CHRISTMAS Day celebrations are locked in for most family and friends well before December - except for members of Ipswich's emergency services.
For Ipswich's QAS paramedics Steve Kliese and Julie Tyne Christmas Day is like any other, and tomorrow they will begin a 12-hour shift at 7am.
It is all in the line of duty for paramedics who do their best to pass on the Christmas spirit to their patients.
Mr Kliese has two children and leaving the festivities behind and heading off to work can be tough.
"It always seems like I'm working. You miss out on the whole day and if you get a late job it might be later than that," he said.
I've been in the job for 25 years and you don't know what's going to happen with the roster. Whether you're working the day or night shifts or whether you have it off.
Mr Kliese makes the most of what is left of Christmas after his shift finishes.
"We're lucky enough that my in-laws' family, we have always celebrated on Christmas Eve," he said.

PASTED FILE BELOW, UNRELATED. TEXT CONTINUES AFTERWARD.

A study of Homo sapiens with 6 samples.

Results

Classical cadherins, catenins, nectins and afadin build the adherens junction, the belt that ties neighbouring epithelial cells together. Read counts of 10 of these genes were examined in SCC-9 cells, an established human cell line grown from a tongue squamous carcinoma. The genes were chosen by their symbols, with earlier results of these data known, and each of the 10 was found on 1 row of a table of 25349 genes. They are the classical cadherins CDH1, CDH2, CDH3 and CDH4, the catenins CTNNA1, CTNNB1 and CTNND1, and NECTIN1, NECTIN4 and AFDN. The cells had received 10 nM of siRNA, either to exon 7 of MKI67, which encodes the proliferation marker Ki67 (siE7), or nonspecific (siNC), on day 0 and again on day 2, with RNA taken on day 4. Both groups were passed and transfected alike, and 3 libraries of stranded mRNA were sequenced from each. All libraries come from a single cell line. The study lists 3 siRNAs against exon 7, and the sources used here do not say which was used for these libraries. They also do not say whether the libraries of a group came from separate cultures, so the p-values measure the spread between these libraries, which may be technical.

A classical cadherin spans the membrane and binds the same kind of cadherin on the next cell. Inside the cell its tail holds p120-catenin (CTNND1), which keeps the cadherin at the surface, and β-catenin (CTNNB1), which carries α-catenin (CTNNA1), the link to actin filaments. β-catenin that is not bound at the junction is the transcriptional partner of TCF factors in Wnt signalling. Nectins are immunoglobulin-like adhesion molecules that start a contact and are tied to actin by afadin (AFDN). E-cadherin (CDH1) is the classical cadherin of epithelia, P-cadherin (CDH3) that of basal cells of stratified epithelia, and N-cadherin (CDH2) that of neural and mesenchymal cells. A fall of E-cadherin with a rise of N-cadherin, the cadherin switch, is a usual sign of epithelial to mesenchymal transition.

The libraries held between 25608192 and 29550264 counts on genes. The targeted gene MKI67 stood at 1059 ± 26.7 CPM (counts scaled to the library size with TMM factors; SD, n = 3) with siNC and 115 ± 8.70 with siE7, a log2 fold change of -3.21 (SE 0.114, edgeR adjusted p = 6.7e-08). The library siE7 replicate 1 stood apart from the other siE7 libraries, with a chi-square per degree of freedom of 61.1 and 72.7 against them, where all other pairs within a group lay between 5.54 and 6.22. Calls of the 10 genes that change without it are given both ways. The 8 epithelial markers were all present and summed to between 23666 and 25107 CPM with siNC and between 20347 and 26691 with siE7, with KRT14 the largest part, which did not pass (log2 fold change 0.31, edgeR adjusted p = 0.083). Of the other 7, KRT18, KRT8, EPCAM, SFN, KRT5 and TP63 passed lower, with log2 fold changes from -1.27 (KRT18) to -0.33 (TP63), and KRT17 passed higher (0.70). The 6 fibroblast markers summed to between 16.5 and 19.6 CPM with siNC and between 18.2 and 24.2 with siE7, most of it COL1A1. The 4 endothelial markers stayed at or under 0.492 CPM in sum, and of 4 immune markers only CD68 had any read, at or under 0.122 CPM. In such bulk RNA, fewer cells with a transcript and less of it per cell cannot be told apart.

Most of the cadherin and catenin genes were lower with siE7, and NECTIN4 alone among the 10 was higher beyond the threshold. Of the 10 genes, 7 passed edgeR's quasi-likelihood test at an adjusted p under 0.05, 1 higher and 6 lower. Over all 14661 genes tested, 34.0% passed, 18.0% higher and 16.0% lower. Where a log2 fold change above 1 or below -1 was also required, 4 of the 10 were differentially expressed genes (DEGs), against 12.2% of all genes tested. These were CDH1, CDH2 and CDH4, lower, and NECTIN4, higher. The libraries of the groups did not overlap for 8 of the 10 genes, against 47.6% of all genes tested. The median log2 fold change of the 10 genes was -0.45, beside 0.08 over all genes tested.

But the Ipswich crew, accustomed to spending long shifts with each other, take the chance to celebrate Christmas among themselves.
At work we celebrate with what I call my other family. We are pretty tight-knit group and we try and pass on the Christmas spirit to all our patients.
Ms Tyne has family in Melbourne and typically Boxing Day is her family's day for celebrating.
"I knew this would be part of it, but my partner is an ambo as well in Ipswich. I haven't really had a Boxing Day with my family for three years," she said.
They both agree Christmas night is much more problematic than earlier in the day.
"The mornings are usually quiet and then the food and drink appear," Mr Kliese said.
And people appreciated them.
"Everywhere we go to we are always helping people. If they are in pain we relive the pain, and if they feel sick we can make them feel better."